Frankel, E.N., Neff, W.E., Thomas, F.L., Khoe, T.H., Pryde, E.H., Riser, G.R.
Journal of the American Oil Chemists' Society 1975 v.52 no.12 pp. 498
linseed oil, safflower oil, vegetable oil, monounsaturated fatty acids, polyunsaturated fatty acids, esters, fatty alcohols, plasticizers, catalysts, rhodium, cobalt, carbonyl compounds, stearic acid, acetates, poly(vinyl chloride)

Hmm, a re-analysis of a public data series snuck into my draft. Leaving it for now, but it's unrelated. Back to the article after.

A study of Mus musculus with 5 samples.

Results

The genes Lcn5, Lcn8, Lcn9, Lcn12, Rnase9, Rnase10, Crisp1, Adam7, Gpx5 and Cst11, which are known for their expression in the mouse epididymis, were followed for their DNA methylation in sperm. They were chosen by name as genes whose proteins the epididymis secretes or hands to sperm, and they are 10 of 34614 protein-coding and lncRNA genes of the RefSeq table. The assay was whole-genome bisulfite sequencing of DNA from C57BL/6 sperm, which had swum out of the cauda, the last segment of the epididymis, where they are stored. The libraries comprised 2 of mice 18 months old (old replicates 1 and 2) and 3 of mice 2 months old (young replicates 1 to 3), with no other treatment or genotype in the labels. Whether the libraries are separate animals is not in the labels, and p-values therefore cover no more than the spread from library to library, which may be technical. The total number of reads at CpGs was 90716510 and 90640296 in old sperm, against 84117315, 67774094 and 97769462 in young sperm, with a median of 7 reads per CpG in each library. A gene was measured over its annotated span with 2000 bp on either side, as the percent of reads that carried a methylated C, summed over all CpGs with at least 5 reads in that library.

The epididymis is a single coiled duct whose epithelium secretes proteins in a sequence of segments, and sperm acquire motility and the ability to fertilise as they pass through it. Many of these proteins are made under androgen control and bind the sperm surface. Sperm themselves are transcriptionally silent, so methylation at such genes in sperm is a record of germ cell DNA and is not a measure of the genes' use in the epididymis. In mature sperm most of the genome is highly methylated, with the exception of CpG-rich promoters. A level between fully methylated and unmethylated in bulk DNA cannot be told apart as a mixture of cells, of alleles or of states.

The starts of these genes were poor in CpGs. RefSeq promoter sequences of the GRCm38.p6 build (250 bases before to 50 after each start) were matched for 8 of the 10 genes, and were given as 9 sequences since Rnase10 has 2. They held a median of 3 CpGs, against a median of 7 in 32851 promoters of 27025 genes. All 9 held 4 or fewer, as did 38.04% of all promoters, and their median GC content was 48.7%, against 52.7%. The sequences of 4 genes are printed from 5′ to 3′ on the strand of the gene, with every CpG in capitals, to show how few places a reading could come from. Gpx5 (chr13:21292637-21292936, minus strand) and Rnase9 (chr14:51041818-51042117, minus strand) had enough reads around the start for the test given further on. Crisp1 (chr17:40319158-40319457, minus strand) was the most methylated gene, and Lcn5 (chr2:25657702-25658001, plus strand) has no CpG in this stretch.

Hydroxymethylstearates were made by hydroformylation or oxo reaction of mono- and polyunsaturated fats and esters with either rhodium-triphenylphosphine or cobalt carbonyl catalysts. Rhodium-oxo products were hydrogenated with nickel catalyst, whereas, cobalt-oxo products were heated directly under hydrogen pressure. Hydroxymethyl fatty alcohols also were prepared by a two-step copper-chromite hydrogenation of hydroformylated linseed fatty esters. Of these hydroxymethyl compounds, 39 were converted to their acetates and other acyloxy derivatives and then evaluated as primary plasticizers for polyvinylchloride. For compounds with good compatibility, methyl 9(10)-acetoxymethylstearate and 9(10)-acetoxymethyloctadecyl acetate gave the lowest flex temperature (-47 C). An unusual combination of good compatibility and low flex temperature was obtained with 2-methoxyethyl 9(10)-acetoxymethylstearate. Addition of more than one acetoxymethyl group in the fatty acid molecule, made possible by rhodium hydroformylation, imparted good compatibility and outstanding permanence (low migration and volatility) but raised flex temperature. Butyl diacetoxymethylstearate, methyl triacetoxymethylstearate, and polyacetoxymethyloctadecyl acetate from linseed esters displayed good compatibility, strength, and volatility characteristics. As glycerides, acetoxymethylated safflower and linseed oils produced good compatibility and outstanding permanence, better than esters commonly used as commercial plasticizers.